Paragonix Technologies is a leading developer, manufacturer, and service provider in the organ transplant industry, establishing a novel approach to preservation that represents a significant improvement over the traditional standard of care.
Paragonix Advanced Organ Preservation devices combine clinically-proven, stable cooling techniques with digital tracking and monitoring technologies to provide clinicians complete control and oversight throughout the donor organ journey. The clinical impact of Paragonix preservation technology is reinforced by the GUARDIAN clinical registries, the largest database of organ preservation data in the world that analyzes post-transplant outcomes in transplant recipients.
CAMBRIDGE, Mass.–(BUSINESS WIRE)– Paragonix Technologies, Inc. today announced the opening of the Global Utilization And Registry Database for Improved heArt preservatioN (“GUARDIAN”) post-market registry, which will assess clinical outcomes when employing the Paragonix SherpaPak™ Cardiac Transport System (CTS) for heart transplantations.
“Clinical feedback regarding the Paragonix SherpaPak™ CTS has been extremely encouraging and we firmly believe we are on the path to improve the standard of care in how donor hearts are transported,” commented Dr. Lisa Anderson, President and Chief Operating Officer of Paragonix. “An investment in a global registry reflects our commitment to patients as well as to the clinical community who have embraced the Paragonix SherpaPak™ CTS as a means of advancing donor heart preservation and transport. Based on ongoing clinical observations, we believe that a comparison to existing organ transport methods of a conventional cooler with ice will further reveal the exciting benefits of Paragonix SherpaPak™ CTS.”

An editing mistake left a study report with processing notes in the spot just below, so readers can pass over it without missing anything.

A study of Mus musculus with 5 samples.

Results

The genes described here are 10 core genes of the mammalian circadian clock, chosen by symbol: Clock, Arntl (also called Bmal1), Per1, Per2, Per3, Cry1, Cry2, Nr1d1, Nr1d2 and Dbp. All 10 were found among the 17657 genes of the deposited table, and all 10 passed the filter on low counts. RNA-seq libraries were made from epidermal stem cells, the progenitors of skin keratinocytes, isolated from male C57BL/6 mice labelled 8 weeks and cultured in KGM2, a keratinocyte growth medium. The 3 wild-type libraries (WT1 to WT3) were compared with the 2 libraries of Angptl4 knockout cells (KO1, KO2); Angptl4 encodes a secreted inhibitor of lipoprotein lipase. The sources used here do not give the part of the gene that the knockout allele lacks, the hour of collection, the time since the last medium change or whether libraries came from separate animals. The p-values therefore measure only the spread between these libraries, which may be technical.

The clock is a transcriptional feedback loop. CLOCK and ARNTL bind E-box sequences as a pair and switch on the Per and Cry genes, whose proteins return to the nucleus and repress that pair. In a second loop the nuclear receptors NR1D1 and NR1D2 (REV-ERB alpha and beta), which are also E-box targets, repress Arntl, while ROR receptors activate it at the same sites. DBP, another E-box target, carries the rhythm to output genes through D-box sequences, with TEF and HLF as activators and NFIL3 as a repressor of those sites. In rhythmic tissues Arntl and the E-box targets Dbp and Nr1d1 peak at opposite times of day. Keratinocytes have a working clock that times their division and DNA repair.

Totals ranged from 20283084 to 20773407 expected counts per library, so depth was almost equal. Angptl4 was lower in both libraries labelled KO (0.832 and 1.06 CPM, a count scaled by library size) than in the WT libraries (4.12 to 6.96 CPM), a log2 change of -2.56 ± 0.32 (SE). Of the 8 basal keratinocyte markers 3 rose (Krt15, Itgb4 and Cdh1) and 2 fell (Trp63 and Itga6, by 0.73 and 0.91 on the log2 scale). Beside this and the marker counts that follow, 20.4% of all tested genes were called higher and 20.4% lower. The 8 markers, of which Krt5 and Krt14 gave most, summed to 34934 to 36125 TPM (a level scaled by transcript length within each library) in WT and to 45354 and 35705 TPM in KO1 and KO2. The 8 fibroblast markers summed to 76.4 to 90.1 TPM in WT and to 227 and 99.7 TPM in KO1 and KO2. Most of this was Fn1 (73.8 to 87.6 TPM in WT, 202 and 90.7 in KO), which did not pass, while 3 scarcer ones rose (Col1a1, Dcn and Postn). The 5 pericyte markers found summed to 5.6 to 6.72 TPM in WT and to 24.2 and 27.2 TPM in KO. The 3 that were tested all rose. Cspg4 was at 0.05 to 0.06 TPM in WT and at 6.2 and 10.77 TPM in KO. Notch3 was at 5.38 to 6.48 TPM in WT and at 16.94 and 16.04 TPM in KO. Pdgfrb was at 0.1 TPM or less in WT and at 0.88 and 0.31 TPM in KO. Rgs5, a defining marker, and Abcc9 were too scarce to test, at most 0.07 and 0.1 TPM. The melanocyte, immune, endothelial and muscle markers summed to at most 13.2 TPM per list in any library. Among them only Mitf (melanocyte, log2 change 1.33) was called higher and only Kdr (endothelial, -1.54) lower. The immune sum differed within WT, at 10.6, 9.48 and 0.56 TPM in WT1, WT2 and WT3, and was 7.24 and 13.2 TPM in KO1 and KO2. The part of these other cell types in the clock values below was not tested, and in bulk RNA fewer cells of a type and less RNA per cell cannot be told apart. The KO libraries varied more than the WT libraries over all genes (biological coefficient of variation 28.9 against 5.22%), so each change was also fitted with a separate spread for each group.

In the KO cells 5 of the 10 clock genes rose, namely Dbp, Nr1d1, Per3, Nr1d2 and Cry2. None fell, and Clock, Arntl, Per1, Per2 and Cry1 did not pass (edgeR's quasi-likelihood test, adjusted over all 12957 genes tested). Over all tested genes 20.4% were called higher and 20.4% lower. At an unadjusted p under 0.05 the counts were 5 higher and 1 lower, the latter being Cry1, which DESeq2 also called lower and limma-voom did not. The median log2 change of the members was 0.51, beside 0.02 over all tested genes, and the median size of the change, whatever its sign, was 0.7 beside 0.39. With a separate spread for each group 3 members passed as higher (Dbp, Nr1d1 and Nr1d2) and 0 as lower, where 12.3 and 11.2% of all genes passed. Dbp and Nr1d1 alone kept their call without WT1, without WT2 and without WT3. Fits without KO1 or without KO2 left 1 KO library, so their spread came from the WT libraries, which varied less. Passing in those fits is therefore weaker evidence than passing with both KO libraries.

About the GUARDIAN Registry
The registry study will include multiple transplant centers across the U.S. and Europe. The primary objectives of the post-market registry study are to evaluate short term post-transplant outcomes (within the first 48 hours), intermediate term outcomes (within the first 30 days) and long-term outcomes (1 year survival). There will be no changes to existing standard protocols involved in donor heart transplantation. The registry study will also further analyze the impact of a variety of donor, recipient and transport-related parameters on patient outcomes, including donor clinical backgrounds, total ischemic times and recipient factors. For people interested in learning more about the GUARDIAN registry, please contact email@example.com.
“We will continue to evaluate the Paragonix SherpaPak™ CTS for donor heart preservation,” said Dr. David D’Alessandro, Surgical Director for Heart Transplantation at Massachusetts General Hospital. “Contributing to GUARDIAN is an important step in that process.”
“Temperature control is a critical aspect of the organ transportation process and with the Paragonix SherpaPak™ CTS we are able to remotely monitor the temperature of the organ through the journey to the recipient patient, thereby safeguarding the organ from cold injury,” said Dr. Andreas Zuckermann, Principal Investigator of GUARDIAN and Co-Director of Heart Transplantation at AKH Vienna, Austria. “We have been an early adopter of the Paragonix SherpaPak™ CTS and it is an honor to kick off this important registry.”
About the Paragonix SherpaPak™ Cardiac Transport System
The Paragonix SherpaPak™ Cardiac Transport System (CTS) safeguards hearts during the journey from donor to recipient patient. Our device incorporates clinically proven and medically trusted cold preservation techniques in a novel suspension system to provide unprecedented physical and thermal protection. Paragonix SherpaPak™ CTS is the only commercially available FDA cleared and CE marked medical device for heart transportation. More than 35 transplant centers throughout the world are trained to use the Paragonix SherpaPak™ CTS for donor heart transport. The System is currently marketed in the United States, United Kingdom, France, Spain, Italy, Germany, Austria, Sweden, Switzerland, Slovak Republic and The Netherlands.